Photo essay: Volunteer at French refugee camp speaks to the WSWS
Jill Lux and Toby Reese
10 March 2016
The conditions facing hundreds of thousands of people fleeing to Europe to escape escalating wars across the Middle East and Africa are an indictment of European society. Camps lack sufficient basic resources, such as water, electricity, food, and medical supplies and operate exclusively with the assistance and donations of volunteers. In many European countries, the camps are deemed “illegal.”
The refugee camp in Grand-Synthe, France, is one of the very worst places for refugees to be stranded. An estimated 2,500 people live there, and around 50 new refugees, often families including children, the elderly, and pregnant women, arrive every day. Froom here many attempt a crossing into England, hidden on trucks, hoping for asylum there.
WSWS reporters interviewed Joel Sames, a volunteer in one of these camps.
On health conditions in the camp, he stated, “MSF is here but the problem is the waiting times are very long. Sometimes you wait three hours when you are sick. There is a danger of spreading of measles—in Calais, the bigger camp close to us, there is a confirmed cases of measles. ... Besides this, the hygienic conditions are horrible, the perfect breeding ground for any kind of disease, there are many rats. If you go out at night you see many rats on the ground and they are big as a ‘Kanickel’ [a large European rabbit].”
Though temperatures often drop below freezing, people sleep in thin tents set up in thick mud, amid trash and feces. Refugees get insufficient food and only rudimentary medical treatment, and often contract diseases, such as pneumonia due to the cold. Infrastructure is improvised and inadequate, with only 32 toilets, 48 showers, two places with clean water, and an unreliable power line.
Joel said, “They [MSF] provide infrastructure, yet there could be more infrastructure to make sure that people have decent tents and heaters in the tents. But mainly I think it’s the officials who make appropriate assistance impossible by restricting what comes into the camp. For example, police block the road.”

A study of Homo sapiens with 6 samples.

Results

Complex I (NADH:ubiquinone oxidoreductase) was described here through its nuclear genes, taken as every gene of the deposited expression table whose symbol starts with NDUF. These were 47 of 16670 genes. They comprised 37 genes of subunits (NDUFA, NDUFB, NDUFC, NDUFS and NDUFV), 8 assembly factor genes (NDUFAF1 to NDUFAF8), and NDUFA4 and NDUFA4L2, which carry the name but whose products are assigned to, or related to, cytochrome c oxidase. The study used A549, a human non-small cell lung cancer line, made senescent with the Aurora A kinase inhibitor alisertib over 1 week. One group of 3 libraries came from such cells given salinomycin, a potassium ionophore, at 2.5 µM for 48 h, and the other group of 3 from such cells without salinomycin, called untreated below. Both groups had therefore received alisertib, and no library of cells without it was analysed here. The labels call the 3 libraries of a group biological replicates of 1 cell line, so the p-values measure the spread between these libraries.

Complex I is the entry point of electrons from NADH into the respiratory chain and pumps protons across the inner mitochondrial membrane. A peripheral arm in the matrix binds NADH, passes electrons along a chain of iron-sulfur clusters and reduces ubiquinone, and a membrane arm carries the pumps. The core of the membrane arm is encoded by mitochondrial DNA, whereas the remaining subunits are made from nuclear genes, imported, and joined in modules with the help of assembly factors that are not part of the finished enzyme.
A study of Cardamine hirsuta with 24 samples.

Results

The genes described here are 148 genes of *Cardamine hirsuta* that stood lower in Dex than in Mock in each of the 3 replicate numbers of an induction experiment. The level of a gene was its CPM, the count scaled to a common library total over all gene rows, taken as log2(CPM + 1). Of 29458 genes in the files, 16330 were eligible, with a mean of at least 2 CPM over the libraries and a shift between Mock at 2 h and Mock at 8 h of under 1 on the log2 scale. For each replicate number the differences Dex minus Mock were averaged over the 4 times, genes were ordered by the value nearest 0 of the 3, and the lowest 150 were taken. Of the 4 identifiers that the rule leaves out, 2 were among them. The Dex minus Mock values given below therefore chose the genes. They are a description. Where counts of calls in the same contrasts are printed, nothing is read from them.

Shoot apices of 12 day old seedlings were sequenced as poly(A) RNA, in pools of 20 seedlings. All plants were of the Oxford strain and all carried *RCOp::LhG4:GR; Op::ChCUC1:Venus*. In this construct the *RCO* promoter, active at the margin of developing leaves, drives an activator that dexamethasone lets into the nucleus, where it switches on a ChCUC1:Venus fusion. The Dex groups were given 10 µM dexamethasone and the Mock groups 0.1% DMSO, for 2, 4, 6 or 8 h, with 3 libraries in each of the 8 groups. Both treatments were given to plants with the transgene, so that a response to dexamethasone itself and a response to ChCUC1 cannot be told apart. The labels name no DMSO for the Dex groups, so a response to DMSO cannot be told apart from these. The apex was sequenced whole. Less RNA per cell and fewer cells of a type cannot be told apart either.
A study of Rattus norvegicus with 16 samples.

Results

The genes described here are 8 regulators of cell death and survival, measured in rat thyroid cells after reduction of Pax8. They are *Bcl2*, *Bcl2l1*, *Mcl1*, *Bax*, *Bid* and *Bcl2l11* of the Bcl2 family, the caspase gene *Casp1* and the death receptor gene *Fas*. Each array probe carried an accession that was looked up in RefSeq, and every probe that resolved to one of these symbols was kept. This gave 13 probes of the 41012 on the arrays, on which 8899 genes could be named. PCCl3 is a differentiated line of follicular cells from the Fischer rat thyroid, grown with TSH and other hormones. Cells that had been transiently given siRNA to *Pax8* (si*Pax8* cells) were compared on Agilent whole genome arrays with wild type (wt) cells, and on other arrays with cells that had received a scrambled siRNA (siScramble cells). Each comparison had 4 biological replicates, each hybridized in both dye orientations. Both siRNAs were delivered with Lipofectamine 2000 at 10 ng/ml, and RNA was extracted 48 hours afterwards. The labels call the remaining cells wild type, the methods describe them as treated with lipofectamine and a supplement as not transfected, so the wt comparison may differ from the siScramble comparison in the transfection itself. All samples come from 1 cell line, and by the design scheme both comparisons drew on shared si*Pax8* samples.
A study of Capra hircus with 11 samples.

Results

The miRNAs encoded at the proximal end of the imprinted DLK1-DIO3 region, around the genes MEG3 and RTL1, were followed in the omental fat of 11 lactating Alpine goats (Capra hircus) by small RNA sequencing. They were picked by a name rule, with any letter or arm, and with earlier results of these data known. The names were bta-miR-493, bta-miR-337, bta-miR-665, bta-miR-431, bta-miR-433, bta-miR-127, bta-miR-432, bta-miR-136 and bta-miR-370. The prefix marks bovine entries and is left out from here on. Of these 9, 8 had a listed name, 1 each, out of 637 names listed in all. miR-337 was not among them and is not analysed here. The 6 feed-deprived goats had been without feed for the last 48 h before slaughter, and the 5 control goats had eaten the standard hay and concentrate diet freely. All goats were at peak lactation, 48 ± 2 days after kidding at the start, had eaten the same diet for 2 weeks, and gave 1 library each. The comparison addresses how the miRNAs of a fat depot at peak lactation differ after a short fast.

While the city of Grande-Synthe initially tried to dispose of waste to contain the rat infestation, the French state not only refused to improve the conditions at the camp but has stationed police at the entrance to block the arrival of tents and construction materials.
Joel said the camp is “growing every day, but also people are leaving because the conditions are so horrible—people try to find other ways. Some people went to Belgium and every day people try to go to England. Most people are stuck in the camp because they don’t see any prospects for themselves in France. Even if France would offer them asylum some say they wouldn’t like to stay. I’ve asked those people, ‘Why can’t you just stay in France? Why do you risk your life and the life of your family under these horrible conditions in this camp?’ They tell me how people come back from the asylum centers in France with horrible stories of how nobody takes care of you. There are no prospects for these people in France.”
Joel described altercations between the police and immigrants at the camp: “They [refugees] get checked at the entrance. … Sometimes they make fun of the refugees. For example they wouldn’t let refugees bring the firewood into the camp while it was pouring rain. If the firewood is too big, they say it could potentially be used as construction wood. So the refugees had to saw it into small pieces in pouring rain while the police were making jokes about them.”
Discussing why refugees are fleeing their countries, he said, “I think it’s because the war has been going on for many years and the conditions have been bad for so long. I think what happened is that they kind of lost hope for a better future in their country.
“Many of them were internally displaced, and others were in neighbouring countries such as Lebanon, Turkey and Jordan. They were always hoping that the war would end and then they could return to their homes, family, friends, and their regular lives, but I think it switched at some point and they realized it’s not going to happen. More and more parties and countries got involved [in the war] and I think that triggered this wave. Suddenly there was this Aufbruchsstimmung (atmosphere of departure).”
The camp is along a highway where trucks stop. People attempt to reach England, which reportedly accounts for some of the recent migration to the camp.
After the recent flood of refugees into the camp, the municipality of Grande-Synthe and MSF are planning to build a new “legal” camp. According to MSF, this camp will provide 500 tents, “each big enough for five people”, as well as toilets and showers “in sufficient numbers” (126 toilets and 66 showers), designed to accommodate 2,500 people.
Immigrants are afraid to be registered in the new camp and largely oppose a move. The French government has already established a camp with bio-metric controls and surrounded by high fences in neighboring Calais, to justify launching the destruction of the existing Calais refugee camp.